Finishing up preparations for a talk on Mendelssohn, I turned to Hannah Arendt’s Rahel Varnhagen: Life of a Jewish Woman). I think it was Lilliana Weissberg who pointed out the original subtitle was Life of A Jewess, but I may be getting this detail wrong. Varnhagen’s story represents the effort of a German Jewess to escape from Judaism into society, the struggle for recognition as an individual, the effort to secure a little happiness in the bourgeois world, and the ultimate collapse of the German Jewish salon society around 1813 as German Jewish assimilation bangs up against the hard real social world.
Writing in 1933 and republished in 1957, Arendt can be read as presenting in Varnhagen and German-Jewish assimilation an opposition between “the human condition” and “the Jewish condition.” In complete opposition to the world of Enlightenment, figured here by Moses Mendelssohn, Rahel Varnhagen reads like a negative foil for Arendt’s more capacious conceptualization of politics, the social space of appearance, risk and natality as set out in The Human Condition.
In this way, Rahel Varnhagen can be read as a protest against what Arendt considered in The Human Condition as the narrow constraint of the private sphere, the domestic space of the oikos, and closed-in nineteenth century, bourgeois German Jewish gemütlichkeit. The ultimate representative of the bourgeoisie, Rahel Varnhagen is the ultimate schlemiel. Her fate is unlike the condition enjoyed by Dorothea Schlegel (né Brendel Mendelssohn). Without money or beauty, Varnhagen represents the unlucky and unhappy person who fails to make it out into the world, being stuck as she is in “the Jewish condition.”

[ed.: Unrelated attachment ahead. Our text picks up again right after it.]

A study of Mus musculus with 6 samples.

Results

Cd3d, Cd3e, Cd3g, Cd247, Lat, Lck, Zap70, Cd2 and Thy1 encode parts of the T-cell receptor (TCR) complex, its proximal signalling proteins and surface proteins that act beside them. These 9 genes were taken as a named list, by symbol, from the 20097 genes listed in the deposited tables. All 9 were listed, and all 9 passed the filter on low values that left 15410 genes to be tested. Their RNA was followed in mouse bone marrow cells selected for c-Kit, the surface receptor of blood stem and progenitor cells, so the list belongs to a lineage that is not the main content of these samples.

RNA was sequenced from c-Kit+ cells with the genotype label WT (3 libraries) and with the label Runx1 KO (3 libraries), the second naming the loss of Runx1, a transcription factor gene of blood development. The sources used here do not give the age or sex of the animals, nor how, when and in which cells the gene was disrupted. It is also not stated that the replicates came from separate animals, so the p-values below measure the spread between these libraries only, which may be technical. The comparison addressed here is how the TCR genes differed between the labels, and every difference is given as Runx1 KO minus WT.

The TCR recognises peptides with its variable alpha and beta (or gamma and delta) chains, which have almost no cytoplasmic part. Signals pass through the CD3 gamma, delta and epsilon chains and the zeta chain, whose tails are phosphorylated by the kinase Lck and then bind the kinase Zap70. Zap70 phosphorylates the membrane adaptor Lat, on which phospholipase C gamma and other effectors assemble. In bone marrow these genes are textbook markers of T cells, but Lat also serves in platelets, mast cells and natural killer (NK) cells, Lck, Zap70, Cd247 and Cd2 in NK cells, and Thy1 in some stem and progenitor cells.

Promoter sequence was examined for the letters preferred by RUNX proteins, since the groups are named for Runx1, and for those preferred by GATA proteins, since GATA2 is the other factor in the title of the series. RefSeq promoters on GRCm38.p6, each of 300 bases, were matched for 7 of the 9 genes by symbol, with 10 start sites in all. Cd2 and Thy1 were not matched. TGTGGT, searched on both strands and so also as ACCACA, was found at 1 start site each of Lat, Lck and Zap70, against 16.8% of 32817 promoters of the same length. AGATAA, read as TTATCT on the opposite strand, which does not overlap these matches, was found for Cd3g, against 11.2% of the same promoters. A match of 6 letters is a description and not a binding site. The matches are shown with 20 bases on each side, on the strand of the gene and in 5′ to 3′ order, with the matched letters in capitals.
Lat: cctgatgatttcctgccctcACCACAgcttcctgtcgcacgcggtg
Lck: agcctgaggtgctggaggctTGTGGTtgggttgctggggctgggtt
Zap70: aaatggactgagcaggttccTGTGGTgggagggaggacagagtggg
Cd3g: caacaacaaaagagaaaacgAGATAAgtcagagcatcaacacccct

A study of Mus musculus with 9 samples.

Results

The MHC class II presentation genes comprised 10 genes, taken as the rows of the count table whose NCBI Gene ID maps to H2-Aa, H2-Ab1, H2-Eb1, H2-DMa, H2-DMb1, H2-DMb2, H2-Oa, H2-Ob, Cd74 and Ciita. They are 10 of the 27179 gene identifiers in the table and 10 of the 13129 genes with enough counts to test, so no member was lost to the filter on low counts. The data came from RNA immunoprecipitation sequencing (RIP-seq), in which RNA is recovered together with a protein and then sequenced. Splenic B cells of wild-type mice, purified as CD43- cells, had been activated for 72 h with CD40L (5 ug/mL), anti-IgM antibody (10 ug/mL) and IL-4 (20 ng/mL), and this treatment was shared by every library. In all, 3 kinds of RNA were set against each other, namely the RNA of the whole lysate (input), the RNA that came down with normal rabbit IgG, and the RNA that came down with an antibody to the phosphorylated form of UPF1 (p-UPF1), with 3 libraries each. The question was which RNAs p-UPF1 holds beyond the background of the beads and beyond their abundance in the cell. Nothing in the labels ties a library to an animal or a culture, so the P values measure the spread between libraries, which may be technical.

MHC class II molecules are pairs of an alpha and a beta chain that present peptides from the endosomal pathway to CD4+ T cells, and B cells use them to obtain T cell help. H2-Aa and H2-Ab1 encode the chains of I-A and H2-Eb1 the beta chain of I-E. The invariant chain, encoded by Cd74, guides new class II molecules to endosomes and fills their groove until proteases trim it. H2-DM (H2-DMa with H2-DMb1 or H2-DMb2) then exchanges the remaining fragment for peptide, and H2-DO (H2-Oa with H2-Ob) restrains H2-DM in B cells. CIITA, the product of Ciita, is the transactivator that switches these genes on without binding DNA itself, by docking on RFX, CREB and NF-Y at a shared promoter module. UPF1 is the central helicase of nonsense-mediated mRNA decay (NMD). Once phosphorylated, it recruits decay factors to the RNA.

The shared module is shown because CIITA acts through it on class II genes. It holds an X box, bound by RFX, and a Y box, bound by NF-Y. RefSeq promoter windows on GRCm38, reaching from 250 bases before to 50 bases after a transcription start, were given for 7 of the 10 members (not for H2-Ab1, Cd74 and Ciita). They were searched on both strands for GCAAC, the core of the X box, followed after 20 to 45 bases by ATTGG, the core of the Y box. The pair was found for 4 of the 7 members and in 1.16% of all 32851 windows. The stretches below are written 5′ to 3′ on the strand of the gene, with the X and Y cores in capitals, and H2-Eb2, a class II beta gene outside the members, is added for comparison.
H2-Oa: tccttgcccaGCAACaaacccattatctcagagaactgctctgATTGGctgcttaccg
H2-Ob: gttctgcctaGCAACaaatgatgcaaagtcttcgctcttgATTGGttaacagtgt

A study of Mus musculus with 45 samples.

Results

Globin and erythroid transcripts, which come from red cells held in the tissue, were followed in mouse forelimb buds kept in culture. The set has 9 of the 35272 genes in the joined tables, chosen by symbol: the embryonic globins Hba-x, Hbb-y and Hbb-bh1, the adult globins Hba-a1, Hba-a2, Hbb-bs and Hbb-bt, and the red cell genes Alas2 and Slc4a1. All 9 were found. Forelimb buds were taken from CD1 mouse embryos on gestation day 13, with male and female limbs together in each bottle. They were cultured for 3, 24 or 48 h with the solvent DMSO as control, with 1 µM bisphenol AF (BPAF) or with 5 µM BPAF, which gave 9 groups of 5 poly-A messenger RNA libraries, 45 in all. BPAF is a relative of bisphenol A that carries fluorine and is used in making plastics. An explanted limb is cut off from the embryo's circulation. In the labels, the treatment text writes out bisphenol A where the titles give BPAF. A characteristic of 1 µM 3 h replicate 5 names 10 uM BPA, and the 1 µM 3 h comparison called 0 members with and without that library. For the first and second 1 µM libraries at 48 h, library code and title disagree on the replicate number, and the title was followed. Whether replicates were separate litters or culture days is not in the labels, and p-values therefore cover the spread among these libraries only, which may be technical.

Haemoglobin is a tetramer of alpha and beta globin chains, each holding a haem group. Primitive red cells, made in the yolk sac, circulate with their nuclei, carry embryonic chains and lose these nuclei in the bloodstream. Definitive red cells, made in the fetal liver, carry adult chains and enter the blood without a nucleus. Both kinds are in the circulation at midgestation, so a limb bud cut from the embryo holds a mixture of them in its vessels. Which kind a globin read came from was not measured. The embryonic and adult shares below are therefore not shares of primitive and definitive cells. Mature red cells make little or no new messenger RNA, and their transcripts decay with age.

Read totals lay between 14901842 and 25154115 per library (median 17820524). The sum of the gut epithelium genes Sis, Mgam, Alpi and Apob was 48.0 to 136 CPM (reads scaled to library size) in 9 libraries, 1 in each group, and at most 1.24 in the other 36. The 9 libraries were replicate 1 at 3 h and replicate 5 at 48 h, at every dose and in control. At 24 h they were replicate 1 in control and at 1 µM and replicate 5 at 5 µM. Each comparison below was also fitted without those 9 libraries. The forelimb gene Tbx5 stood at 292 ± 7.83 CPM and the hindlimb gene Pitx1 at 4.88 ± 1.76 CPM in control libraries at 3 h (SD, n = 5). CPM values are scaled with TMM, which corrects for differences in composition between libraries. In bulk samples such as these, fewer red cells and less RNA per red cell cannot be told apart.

Was Arendt the first to introduce the figure of the “schelemiel” into critical discourse? Ask Menachem Feuer over at SchlemielinTheory, and his Hannah Arendt tags. At any rate, she is not a comic figure, not here as presented by Arendt. In particular, this reading here of Arendt on Varnhagen is much more thorough and expert than this short post.
Reblogged this on The Home of Schlemiel Theory.
Despite all that has been written about these Jewish salonierres in the Berlin of the 1790s there behavior remains inexplicable. We are dealing with an Orthodox community pre Reform Judaism, which is 15-20 years away. Many were married to Orthodox men, had children, wore sheitlech and appeared perfectly Orthodox. They then pick themselves up, leave their husbands and children, run away with non-Jewish lovers, many converting, sometimes twice, and encouraging other members of their community to convert. They as a group are neither schmeils or tragically overly suffocated by their surroundings. Some were fabously wealthy. They left the Jewish people, and all for a romantic dalliance.
More work has to be done if they are to be seen in a serious light. There was something rotten in 18th century German Jewry, and this rot is already apparent in the neo-Sabbatean controversies of the 1750s. How this decadence could coexist within a high rabbinical culture needs a deeper explanation.